For those who haven’t donated…
I was endlessly going on about how fundraising for the flood survivors has developed into some kind of a competition among various organisations, all indefatigably striving to outdo each other, when my wife suddenly interrupted.
“What are you doing to help them?” she said. “Nothing that I know of.”
A pause followed. After struggling to find some face-saving answer, I naively replied, “Don’t know yet.”
“Donate through an NGO, perhaps?” she suggested.
“Hmmm… but I don’t trust them.”
“Then what else will you do?”
Good question. I wanted to help, make a difference… but how? Perhaps the events that followed the earthquake in the country’s north in 2005 were the reason for my doubts. Like many others, my family and I had also tried to help out by making donations.
But when reports started pouring in about large portions of relief items being gobbled up by opportunists, it proved to be somewhat of an anti-climax. However, what happened back then is certainly no excuse for turning our back on the people who are in desperate need of help right now. Who is to be trusted then?
Thinking harder, I explored other options.
Imran Khan, perhaps?
Just as that thought crossed my mind, nostalgia kicked in. I saw the 11-year-old me, obsessed with winning one of Imran’s Tiger badges. It was a fundraising campaign for Shaukat Khanum Memorial Cancer Hospital. Any kid who collected donations up to a certain amount was entitled to a badge. I proudly wore my badge for some time, before it ended up in some drawer.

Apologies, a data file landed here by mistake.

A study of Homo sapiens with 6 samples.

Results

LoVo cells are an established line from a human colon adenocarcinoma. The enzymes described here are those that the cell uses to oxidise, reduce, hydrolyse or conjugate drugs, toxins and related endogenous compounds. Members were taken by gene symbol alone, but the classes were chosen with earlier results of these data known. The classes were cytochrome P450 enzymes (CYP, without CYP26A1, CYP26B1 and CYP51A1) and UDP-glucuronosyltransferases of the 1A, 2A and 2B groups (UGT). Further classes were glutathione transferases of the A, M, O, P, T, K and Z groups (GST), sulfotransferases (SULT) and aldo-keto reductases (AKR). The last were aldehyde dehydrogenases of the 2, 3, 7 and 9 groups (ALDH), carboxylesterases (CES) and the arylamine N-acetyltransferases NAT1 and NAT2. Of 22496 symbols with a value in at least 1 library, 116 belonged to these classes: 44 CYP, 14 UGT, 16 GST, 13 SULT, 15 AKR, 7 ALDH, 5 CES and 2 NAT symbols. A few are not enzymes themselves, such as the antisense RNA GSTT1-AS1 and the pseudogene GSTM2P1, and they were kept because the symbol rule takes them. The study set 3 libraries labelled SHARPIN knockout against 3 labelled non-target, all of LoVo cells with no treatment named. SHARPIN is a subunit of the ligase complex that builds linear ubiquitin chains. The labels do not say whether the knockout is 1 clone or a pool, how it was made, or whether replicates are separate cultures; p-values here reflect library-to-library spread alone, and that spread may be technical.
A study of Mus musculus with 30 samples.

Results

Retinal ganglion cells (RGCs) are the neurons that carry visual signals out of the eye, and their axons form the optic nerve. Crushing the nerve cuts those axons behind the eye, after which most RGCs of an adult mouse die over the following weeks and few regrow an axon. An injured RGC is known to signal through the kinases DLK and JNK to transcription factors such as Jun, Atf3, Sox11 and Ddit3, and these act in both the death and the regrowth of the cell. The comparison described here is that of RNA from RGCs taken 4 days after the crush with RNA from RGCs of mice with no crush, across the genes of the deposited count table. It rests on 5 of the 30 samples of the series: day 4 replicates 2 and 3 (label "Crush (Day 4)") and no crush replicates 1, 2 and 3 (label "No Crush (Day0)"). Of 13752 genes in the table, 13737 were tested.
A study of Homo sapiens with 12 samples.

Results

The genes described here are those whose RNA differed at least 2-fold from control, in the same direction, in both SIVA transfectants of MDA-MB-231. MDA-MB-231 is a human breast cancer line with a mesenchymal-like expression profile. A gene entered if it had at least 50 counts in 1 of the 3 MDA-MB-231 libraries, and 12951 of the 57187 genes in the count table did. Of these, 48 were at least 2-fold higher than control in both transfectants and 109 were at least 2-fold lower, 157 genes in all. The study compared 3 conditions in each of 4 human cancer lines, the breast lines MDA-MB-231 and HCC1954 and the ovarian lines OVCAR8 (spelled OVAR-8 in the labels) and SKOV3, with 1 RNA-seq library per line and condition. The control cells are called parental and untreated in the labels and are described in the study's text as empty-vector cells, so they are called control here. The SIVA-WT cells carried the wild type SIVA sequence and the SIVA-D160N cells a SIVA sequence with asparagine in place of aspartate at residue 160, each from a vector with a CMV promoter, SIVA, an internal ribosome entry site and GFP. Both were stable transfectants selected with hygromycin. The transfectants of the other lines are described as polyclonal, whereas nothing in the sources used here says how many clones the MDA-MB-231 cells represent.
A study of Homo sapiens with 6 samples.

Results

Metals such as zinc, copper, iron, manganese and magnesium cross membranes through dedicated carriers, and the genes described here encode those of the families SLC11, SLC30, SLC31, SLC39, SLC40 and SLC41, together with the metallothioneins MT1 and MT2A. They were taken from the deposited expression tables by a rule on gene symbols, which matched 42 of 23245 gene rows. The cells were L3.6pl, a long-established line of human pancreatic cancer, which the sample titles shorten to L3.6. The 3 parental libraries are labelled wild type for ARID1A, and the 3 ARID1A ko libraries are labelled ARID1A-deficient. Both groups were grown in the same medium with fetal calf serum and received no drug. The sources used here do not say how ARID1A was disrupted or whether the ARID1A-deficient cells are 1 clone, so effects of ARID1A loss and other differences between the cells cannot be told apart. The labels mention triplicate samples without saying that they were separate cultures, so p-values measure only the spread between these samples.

As I came out of that moment of reminiscence, my perseverance at the age of 11 surprised me. Now as a married adult, matters seem so much more complicated.
However, I concluded that the best solution to the ‘donation conundrum’ was to go the extra mile and gather information about the organisations that are engaging in relief work and figure out the best option.
After all, many of us spend an eternity searching for trousers to match the colour of the stripes on a shirt. Then why not spare some hours for those millions who have lost everything except the hope that someone might offer them a helping hand.
The views expressed by the writer and the reader comments do not necessarily reflect the views and policies of The Express Tribune.